Charles K. Armstrong
The Korea Foundation Professor of Korean Studies in the Social Sciences, Department of History
Modern East Asian political and social history; Korean history; U.S.–East Asian relations; international and global history
Professor Armstrong’s book Tyranny of the Weak: North Korea and the World, 1950 – 1992 (Cornell University Press, 2013), won the 2014 American Historical Association John Fairbank Prize for East Asian History, and the second edition of his book The Koreas (Routledge, 2007) was published in early 2014. He is also writing the Modern East Asia volume for the Wiley-Blackwell series Concise History of the Modern World, to be published in 2016.
He is currently working on two major research projects: a study of trans-Pacific Cold War culture and US-East Asian relations; and an environmental history of northern Korea and Northeast China from the 1930s to the 2000s. Along with Professors Mae Ngai in the History department and Theodore Hughes in EALAC, Professor Armstrong is co-principal investigator in a multi-year project on the Making of the Modern Pacific World.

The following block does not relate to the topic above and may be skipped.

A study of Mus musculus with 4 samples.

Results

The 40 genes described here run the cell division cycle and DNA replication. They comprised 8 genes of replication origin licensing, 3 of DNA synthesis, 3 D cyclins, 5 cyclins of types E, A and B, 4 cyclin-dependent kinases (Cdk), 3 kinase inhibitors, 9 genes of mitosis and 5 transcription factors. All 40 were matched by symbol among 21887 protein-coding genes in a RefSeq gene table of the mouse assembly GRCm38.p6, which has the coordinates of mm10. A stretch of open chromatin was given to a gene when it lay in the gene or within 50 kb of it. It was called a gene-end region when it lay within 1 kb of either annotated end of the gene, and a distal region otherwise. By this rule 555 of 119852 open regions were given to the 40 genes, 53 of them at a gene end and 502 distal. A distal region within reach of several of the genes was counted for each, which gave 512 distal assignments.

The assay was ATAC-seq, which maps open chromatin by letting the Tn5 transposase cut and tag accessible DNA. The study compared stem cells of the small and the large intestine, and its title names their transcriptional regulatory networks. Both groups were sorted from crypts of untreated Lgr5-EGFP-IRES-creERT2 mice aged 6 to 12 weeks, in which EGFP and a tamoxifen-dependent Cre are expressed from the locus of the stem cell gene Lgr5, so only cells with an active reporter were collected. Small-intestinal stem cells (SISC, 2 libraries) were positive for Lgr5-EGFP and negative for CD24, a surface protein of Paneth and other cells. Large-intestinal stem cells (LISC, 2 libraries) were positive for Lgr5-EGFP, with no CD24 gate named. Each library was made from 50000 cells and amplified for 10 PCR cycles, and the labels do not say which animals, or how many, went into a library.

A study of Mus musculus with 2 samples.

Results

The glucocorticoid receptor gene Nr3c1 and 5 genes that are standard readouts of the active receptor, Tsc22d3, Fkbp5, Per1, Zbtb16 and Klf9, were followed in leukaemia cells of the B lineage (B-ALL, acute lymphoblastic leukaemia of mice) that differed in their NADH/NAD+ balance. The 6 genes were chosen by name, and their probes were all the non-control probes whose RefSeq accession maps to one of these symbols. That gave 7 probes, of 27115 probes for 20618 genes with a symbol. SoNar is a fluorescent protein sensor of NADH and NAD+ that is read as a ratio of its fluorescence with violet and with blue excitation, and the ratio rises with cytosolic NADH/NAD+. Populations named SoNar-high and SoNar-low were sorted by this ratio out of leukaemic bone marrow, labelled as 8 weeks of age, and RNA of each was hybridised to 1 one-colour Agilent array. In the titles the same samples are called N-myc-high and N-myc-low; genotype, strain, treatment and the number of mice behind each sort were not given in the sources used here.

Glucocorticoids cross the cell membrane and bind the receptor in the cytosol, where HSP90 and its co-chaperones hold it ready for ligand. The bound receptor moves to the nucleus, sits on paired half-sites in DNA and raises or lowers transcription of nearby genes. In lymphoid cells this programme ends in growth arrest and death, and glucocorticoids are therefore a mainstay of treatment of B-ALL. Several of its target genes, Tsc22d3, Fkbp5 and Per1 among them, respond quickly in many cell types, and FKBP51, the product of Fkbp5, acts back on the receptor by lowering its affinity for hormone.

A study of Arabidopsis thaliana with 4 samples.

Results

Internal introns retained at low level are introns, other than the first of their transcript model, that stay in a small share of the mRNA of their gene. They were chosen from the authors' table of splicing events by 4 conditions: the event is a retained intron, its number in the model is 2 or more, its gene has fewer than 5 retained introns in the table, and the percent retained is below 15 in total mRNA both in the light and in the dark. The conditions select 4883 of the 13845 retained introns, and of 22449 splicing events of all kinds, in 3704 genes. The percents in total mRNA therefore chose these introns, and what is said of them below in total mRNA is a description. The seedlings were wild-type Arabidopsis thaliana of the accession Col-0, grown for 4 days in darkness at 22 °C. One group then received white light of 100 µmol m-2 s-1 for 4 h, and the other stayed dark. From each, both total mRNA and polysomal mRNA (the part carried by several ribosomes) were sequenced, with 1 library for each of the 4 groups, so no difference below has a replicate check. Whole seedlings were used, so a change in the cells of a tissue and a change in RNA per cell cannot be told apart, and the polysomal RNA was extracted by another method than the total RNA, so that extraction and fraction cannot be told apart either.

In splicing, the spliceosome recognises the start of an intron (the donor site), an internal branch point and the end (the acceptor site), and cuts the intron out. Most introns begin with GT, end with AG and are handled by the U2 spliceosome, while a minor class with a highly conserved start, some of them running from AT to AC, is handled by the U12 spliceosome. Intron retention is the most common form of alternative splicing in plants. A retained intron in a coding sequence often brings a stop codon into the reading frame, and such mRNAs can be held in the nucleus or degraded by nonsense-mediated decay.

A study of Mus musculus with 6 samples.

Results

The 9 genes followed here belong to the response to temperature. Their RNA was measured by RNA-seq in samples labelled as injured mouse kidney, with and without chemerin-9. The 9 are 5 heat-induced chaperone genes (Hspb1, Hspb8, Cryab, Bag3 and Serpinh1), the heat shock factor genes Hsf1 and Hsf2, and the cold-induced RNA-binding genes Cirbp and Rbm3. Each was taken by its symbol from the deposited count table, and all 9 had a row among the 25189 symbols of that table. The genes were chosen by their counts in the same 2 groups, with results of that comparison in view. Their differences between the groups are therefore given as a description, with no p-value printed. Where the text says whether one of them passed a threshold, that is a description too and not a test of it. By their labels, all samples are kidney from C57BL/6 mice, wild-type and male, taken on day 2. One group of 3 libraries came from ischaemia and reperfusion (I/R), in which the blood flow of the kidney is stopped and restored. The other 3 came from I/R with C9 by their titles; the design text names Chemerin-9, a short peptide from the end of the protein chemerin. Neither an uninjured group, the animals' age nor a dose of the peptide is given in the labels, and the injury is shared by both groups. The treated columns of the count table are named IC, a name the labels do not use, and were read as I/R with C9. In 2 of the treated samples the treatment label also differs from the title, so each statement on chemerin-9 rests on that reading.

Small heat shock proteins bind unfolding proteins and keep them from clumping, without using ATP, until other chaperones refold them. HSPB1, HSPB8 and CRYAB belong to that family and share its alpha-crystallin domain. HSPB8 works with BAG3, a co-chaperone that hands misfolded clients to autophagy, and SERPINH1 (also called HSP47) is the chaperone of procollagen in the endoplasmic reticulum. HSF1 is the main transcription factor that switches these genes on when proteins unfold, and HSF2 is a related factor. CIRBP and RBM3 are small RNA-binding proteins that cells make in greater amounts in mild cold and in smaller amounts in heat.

His other books include The Koreas (Routledge, 2007); Puk Chosôn Tansaeng, the Korean translation of The North Korean Revolution, 1945–1950 (Seoul: Booksea, 2006; originally Cornell University Press, 2003); Korea at the Center: Dynamics of Regionalism in Northeast Asia (M. E. Sharpe, 2006, coeditor); and Korean Society: Civil Society, Democracy, and the State (Routledge, 2002, editor; second edition, 2006).
Professor Armstrong teaches courses on Korean History, World History, Socialist and Post-Socialist Cities of Eurasia, the Vietnam War, and Approaches to International and Global History. He is a frequent commentator in the U.S. and foreign mass media on contemporary Korean, East Asian, and Asian American affairs.